An interesting observation that shows just how essential the ability to hear is to living species on the earth is that while researchers have discovered many types of reptiles, amphibians, fishes, and mammals who were blind, they have been unable to locate any species that is naturally deaf. However, doesn’t necessarily require ears to hear. Sounds waves – vibrations in the air – can be detected in a variety of ways. Vertebrates have ears. But, invertebrate animals possess other sensory organs to pick up on sounds.
Insects, for example, have tympanal organs that work as well as ears, and in fact give them far better hearing than humans; as an example, a species of fly that is a parasite to crickets can locate its prey at some distance just by hearing its song. In some species, tiny hairs take the place of ears; in spiders and cockroaches these hairs are on the legs, while in caterpillars they are along the surface of its body. Elephants not only have large ears, they can also hear using their feet. They are particularly attuned to low-frequency sounds, and can detect the sound of thunderstorms or the deep-voiced call of other elephants many kilometers away.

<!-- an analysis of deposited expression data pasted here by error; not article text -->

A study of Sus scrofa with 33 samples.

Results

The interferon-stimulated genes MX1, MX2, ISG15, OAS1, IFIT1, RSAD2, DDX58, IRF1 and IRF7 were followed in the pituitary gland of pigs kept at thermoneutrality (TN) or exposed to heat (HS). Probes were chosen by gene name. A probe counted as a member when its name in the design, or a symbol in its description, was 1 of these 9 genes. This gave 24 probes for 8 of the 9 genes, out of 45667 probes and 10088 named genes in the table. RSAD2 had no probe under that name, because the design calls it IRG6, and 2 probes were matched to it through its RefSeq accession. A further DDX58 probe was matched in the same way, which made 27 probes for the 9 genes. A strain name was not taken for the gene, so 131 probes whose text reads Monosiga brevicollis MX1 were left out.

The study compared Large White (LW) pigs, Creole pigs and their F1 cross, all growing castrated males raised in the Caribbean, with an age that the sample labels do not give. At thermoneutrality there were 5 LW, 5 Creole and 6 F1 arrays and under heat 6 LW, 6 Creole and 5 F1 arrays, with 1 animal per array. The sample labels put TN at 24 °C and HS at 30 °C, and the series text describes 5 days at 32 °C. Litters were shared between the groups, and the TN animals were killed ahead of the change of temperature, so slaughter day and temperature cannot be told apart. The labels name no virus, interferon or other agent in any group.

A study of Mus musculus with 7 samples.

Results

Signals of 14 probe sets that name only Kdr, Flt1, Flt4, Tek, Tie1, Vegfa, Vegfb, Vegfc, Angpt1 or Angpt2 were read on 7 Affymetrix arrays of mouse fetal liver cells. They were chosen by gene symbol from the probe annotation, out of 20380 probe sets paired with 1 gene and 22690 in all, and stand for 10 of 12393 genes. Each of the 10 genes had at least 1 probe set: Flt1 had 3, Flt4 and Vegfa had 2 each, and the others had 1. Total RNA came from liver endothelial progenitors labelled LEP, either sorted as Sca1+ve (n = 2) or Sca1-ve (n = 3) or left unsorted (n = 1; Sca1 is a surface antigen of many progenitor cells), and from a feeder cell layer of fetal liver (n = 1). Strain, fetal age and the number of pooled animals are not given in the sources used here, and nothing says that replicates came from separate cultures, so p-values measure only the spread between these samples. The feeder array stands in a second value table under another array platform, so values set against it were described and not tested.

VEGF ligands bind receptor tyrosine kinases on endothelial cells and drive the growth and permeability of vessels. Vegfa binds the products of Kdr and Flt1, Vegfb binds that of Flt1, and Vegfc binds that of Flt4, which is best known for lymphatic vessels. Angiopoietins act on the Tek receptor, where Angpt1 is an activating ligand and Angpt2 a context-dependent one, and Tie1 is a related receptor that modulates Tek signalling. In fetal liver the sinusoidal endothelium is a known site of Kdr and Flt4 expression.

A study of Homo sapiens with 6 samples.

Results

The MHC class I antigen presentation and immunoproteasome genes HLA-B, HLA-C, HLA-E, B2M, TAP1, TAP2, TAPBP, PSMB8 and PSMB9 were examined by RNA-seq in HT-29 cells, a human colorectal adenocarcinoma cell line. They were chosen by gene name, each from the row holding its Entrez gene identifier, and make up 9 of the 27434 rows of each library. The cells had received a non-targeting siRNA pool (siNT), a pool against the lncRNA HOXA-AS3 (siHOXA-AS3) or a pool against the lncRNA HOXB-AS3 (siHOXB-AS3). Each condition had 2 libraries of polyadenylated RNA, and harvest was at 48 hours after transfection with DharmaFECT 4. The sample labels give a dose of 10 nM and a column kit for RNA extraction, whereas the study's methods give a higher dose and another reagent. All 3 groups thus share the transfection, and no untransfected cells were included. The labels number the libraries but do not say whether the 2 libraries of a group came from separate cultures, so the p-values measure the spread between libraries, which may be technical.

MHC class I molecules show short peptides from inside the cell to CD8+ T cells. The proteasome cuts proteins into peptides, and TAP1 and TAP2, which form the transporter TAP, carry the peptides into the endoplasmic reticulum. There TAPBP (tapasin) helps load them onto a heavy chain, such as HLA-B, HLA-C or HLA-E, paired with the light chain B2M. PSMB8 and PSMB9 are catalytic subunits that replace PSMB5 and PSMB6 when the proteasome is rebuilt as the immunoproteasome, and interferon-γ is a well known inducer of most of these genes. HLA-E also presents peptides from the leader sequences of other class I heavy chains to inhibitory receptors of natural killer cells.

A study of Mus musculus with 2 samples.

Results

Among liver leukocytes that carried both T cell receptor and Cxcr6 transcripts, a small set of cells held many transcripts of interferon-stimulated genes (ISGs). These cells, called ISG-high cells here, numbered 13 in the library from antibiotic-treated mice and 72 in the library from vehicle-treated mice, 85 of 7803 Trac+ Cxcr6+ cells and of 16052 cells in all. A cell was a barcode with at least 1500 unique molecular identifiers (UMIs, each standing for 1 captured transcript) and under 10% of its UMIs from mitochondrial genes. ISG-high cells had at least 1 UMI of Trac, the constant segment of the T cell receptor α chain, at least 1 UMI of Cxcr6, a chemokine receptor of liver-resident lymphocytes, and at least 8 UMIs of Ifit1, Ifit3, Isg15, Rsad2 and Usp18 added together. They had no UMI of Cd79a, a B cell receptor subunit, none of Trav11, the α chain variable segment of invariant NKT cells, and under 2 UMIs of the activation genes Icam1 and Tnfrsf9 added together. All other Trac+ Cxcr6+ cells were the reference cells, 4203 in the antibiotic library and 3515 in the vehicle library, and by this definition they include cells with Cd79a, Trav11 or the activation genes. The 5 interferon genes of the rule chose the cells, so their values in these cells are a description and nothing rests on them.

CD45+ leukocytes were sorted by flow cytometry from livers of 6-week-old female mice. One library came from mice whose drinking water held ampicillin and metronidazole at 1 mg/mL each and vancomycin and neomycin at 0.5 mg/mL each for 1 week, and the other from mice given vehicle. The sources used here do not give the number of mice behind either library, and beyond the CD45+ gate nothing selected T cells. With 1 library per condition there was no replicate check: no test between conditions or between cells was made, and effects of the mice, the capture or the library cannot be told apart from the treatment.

Even though fish don’t have ears (they perceive sounds using lateral lines that run horizontally along their bodies), they can detect sounds that humans would not be able to hear. Dolphins have external eardrums on the outsides of their bodies that are so sensitive that they have the best sense of hearing among animals, and are able to hear 14 times better than humans.
In addition to having better hearing than humans, many animals can detect a much wider range of frequencies. They can hear sounds that are we are incapable of hearing. Cats are recognized as having the most acute hearing among domesticated animals. They can hear sounds at lower and higher frequencies than humans can. A normal human range is 64 to 23,000 HZ. A normal cat range is 45 to 64,000 HZ. Birds also have acute hearing, especially owls, whose hearing is not only far better than ours, but more precise in its ability to locate the source of the sound. An owl can pinpoint the exact location of a scurrying mouse in less than 0.01 seconds.
Bats and dolphins actually extend their hearing abilities using echolocation, a form of sonar in which they emit tiny clicks or chirps and then “see” the objects they bounce off of when the sounds return to them. Echolocation is extremely precise. It only takes one chirp to determine an objects’ size and location. Scientists have proven that by using echolocation dolphins can detect objects the size of a small coin from over 70 meters away. A bat can detect an insect 30 feet away in complete darkness.
Looking at the animal world is a great reminder of how vitally important hearing is.